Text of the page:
News / Events

State: Volusia went against own rules


September 15, 2010

DELAND -- State officials kicked off a two-week hearing Tuesday on the proposed Farmton development plan by trying to show Volusia County failed to comply with its own guidelines for planning roads and schools and protecting the environment.

The county approved the plan, floated by the Miami Corp. for 47,000 acres it owns in southern Volusia, earlier this year.

David M. Maloney, an administrative law judge with the Florida Division of Administrative Hearings, is overseeing the hearing to determine whether the Farmton plan is consistent with the county's comprehensive plan. The Florida Department of Community Affairs insists it is not.

The property just isn't suitable for the type of development being proposed, said Mike McDaniel, chief of comprehensive planning for the department.

McDaniel was one of two department planners who spent all day Tuesday testifying in the large courtroom in the Historic Volusia Courthouse. The hearing, originally planned for the newer county courthouse, was moved when it became apparent that the eight attorneys, their boxes and boxes of documents and more than a dozen observers simply wouldn't fit in the small room.

The Farmton proposal would allow the eventual development of 23,000 homes and apartments, as well as 4.1 million square feet of nonresidential construction in Volusia County, all of which would have to go through a separate development approval process.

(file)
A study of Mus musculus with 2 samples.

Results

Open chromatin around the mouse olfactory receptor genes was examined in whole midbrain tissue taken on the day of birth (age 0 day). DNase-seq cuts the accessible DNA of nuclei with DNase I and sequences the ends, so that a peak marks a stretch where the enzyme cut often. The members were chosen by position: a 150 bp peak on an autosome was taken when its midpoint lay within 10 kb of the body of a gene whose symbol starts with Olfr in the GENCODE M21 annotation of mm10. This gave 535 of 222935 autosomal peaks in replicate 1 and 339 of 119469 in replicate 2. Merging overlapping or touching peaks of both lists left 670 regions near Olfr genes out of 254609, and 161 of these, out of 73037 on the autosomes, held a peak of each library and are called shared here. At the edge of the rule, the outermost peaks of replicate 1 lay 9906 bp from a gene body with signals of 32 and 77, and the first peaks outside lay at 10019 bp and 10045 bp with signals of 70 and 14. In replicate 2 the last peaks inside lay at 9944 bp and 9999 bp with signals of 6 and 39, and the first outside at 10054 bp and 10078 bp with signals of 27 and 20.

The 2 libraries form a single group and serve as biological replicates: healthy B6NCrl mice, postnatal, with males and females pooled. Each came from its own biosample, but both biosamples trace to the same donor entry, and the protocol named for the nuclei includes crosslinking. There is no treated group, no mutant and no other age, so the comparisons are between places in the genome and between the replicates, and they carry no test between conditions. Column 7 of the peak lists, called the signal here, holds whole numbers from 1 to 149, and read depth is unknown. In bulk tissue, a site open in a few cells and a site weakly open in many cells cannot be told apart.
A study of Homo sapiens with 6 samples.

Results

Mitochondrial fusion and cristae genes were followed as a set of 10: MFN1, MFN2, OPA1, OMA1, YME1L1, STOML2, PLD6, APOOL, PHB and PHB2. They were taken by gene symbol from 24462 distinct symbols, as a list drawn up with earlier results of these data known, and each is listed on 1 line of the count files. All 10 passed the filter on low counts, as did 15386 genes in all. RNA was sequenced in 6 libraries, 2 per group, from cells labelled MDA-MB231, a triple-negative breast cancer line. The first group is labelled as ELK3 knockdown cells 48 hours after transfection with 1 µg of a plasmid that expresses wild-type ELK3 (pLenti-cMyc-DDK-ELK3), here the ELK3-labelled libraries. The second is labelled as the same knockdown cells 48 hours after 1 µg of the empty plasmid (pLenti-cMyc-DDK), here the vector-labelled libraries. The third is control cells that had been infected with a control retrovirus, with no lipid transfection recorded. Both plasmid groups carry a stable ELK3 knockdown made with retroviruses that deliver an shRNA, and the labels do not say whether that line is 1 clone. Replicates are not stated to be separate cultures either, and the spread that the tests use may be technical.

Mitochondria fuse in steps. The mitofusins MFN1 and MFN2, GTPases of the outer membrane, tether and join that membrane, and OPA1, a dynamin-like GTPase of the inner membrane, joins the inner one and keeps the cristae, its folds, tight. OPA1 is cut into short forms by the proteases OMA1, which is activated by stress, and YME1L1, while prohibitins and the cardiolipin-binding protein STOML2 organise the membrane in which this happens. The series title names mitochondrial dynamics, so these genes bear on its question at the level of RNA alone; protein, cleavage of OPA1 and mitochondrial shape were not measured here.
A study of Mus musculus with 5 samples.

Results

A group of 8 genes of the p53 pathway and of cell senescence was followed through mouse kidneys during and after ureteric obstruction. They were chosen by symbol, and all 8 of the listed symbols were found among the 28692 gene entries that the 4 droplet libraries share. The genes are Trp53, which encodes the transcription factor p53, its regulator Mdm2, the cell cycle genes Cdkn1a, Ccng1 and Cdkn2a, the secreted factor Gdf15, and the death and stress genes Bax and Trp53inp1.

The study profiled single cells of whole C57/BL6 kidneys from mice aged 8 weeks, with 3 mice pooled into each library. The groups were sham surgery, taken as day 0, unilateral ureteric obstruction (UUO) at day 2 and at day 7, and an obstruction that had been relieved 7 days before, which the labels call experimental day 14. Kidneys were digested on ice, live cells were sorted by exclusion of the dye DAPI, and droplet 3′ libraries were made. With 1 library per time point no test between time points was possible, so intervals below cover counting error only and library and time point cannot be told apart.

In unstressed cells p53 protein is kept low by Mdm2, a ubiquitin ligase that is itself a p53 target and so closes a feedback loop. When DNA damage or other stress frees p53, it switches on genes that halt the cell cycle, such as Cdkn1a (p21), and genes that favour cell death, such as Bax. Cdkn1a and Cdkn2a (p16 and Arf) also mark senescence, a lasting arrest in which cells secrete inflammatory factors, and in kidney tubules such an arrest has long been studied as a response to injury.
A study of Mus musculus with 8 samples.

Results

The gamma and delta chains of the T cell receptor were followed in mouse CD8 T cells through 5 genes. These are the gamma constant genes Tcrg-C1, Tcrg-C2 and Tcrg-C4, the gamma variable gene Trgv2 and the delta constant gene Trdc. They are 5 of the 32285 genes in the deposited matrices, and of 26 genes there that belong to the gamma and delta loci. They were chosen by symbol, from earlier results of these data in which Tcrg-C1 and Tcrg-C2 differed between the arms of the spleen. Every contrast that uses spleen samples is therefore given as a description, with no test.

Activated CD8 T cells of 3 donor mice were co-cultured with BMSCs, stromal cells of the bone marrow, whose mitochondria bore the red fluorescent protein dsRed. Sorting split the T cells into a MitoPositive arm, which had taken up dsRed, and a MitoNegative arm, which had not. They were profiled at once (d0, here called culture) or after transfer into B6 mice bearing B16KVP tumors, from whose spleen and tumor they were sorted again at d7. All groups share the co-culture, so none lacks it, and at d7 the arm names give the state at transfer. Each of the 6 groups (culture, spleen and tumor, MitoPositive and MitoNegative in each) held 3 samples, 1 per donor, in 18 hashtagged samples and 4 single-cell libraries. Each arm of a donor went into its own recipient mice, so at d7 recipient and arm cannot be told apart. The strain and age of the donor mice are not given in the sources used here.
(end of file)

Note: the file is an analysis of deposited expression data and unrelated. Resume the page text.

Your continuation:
In total, including property the Chicago-based family land trust owns in Brevard County, the plan would allow construction on 19,000 acres and conserve nearly 40,000 acres.

Company and county officials say the conservation plan will set aside key wildlife corridors and habitat and protect Crane Swamp and Deep Creek.

But McDaniel does not agree.

The areas flagged for development "almost seemed to maximize the environmental fragmentation and interference with wildlife corridors," McDaniel said. "Any hope that this would remain a wildlife corridor and viable for silviculture and agriculture is far-fetched."

Silviculture is the art of cultivating a forest.

Department planner Ashley Porter pointed out that much of the property is within the 100-year flood plain, but admitted during cross-examination by an attorney for Miami Corp., Karen Brodeen, that much of Florida is considered flood plain and no state rules prevent development in flood plain areas.

The state planners testified the entire 47,000 acres the company owns in Volusia County is considered bear habitat, and they listed a variety of additional species of concern.

However, the testimony at times conflicted. McDaniel said more than half the property is wetlands but he added that all of it is within an area that federal officials say could be habitat for the Florida scrub jay, an animal that actually only inhabits high and dry scrub areas.

Other protected species mentioned include the Everglades snail kite and the crested caracara, as well as a number of more common birds found on the property such as the swallow-tailed kite, bald eagle and sandhill crane.

McDaniel was emphatic at times in his opposition to the plan and the unsuitability of Miami Corp.'s land for the scale of proposed development.

A small cadre of environmental advocates who have opposed the plan from the outset attended the hearing Tuesday, often nodding in unison at points McDaniel made.

McDaniel is expected to continue testifying this morning and be cross-examined by attorneys for the county and Miami Corp. Following McDaniel will be Tom Hoctor, a University of Florida research scientist who is an expert on wildlife corridors.